Riverside residents debated the merits of development proposals for the central business district, looking at potential expansion of commercial and residential spaces in the area as well as other, more aesthetic reforms, at the second community workshop for the Transit-Oriented Development Study held on July 16.

Richard Wilson, the the principal urban planner at URS-TPAP, explained that he and his colleagues had identified areas on five main streets in the downtown area: Burlington and Quincy streets, as well as Forest, East and Pine avenues. On each they identified historic structures or buildings that they said significantly contributed to the appearance of the district. Those buildings were left untouched, but they considered how others could be reused.

On Burlington Street, the proposal envisioned 40-46,000 square feet of new commercial space, 23-27 new residential units, and 101-111 new surface parking spaces for the south side of the street. On the north side, the two-story building at the corner of Burlington Street and Longcommon Road was left intact, but further down the street the consultants proposed creating a 50-space parking lot or a building with 11,000 square feet of commercial space, plus six new residential units.

The alternatives proposed for Quincy Street were more variable, with differing scenarios?”7,200 square feet of new commercial space, eight residential units and 33 parking spaces vs. 20,000 square feet of new commercial space, 22 new residential units and 27 parking spaces. All of these new developments would take place on the north side of the street.

The most specific proposal was offered for the land bordered by Forest, East and Pine avenues, where the consultants envisioned the construction of a parking garage. The garage would be built off of Pine Avenue, and could be two or three stories, providing 64-126 new parking spaces. Depending on its size and design, estimated costs ranged from $1.25 million to $2.8 million.

Village’s role is limited

The goal of all of the commercial development, Wilson explained, would be to attract more niche businesses and establish Riverside as a tourist destination. All of the consultants, as well as Village Manager Kathleen Rush, however, stressed that all of the proposals were highly speculative, and the village’s role in any specific development of commercial or residential sites would necessarily be limited.

In a separate interview, Rush said most future development of the downtown would be driven by the market.

“There is a perception that the village has the ability to take control,” she said. “We have to respect that it’s still the choice of the property owners. When it’s private property, in many ways all we can do is encourage.”

What the village can do, Rush said, is use different tools to have a bigger say in commercial development, such as developing a TIF district or becoming involved with the state’s Main Street program.

For other proposals, however, the village could play a much larger role. For example, one of the more radical suggestions made at the workshop was the creation of a Riverside community center at the site of the old Public Works building behind village hall. Ed Torrez of Bauer Latoza said such development would better tie the Des Plaines River, a key part of the village’s history, into the downtown area.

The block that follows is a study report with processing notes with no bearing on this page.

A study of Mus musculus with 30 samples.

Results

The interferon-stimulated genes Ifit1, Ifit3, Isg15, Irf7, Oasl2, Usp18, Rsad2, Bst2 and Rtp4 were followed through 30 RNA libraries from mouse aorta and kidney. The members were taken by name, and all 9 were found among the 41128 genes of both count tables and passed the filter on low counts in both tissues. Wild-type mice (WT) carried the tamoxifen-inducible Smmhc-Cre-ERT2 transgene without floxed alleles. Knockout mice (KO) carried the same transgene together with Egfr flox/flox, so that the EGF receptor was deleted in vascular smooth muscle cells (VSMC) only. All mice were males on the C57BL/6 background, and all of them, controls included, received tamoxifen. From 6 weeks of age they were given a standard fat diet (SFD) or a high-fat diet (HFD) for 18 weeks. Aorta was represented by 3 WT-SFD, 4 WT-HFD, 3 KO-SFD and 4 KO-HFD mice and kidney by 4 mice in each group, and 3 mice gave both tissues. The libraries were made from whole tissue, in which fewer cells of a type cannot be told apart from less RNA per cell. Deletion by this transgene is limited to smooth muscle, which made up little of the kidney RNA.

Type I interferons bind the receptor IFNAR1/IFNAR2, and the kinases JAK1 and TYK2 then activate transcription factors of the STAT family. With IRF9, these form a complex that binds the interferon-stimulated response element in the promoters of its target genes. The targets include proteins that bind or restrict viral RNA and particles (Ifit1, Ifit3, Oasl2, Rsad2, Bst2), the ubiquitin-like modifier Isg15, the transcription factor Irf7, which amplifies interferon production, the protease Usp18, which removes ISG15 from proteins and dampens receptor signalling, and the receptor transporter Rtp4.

“Let’s take advantage of the views and vistas that Riverside has to offer,” said Torrez, whose sketch of a hypothetical community center included a deck overlooking the riverfront. “Olmsted used the river. It dictated the layout of this town, and we don’t use it as much as we should.”

Somewhat less dramatic were Torrez’s suggestions to improve the downtown area’s aesthetic features. One way to do this, he said, would be to create a universal signage scheme, allowing for easier navigation in the district and giving the businesses a unified look.

Torrez also suggested incorporating more trees and landscaping into the area around the railroad tracks, to hide the long lines of parking surrounding the tracks and present a better picture of the village to commuters passing through.

Mixed reaction

Public reaction varied almost as much as the proposals. Although most seemed excited about Torrez’s proposals, there was no consensus as to how residents wanted to see residential and commercial properties develop.

Most of the debate over these sectors revolved around the question of parking. While the consultants focused on providing ample parking spaces for residents, commuters and shoppers, some residents at the workshop doubted it was as much of a problem as presented.

“I don’t see parking as a big issue,” Mark Shevitz said. “I’m in downtown Riverside every day, and I never have a problem with parking. I just want to make sure this is geared toward residents and not Metra,” he added, referring to the fact that Metra and RTA are funding the TOD study.

On the other side of the debate, however, Rush said she had received a letter from the Riverside Chamber of Commerce urging the village to increase parking facilities. Also, at the first community workshop in June there had been an overwhelming consensus that residents wanted to see more parking in the downtown district.

When it came to the aesthetic proposals, however, the audience seemed unified in its support of them. Residents praised the concepts of universal signage and increased landscaping, and, although Rush noted there are currently no plans in the works for such a facility, they seemed especially excited about the idea of a community center.

“I think if we did that, Olmsted would smile down from above and be happy with us,” Randy Brockway said.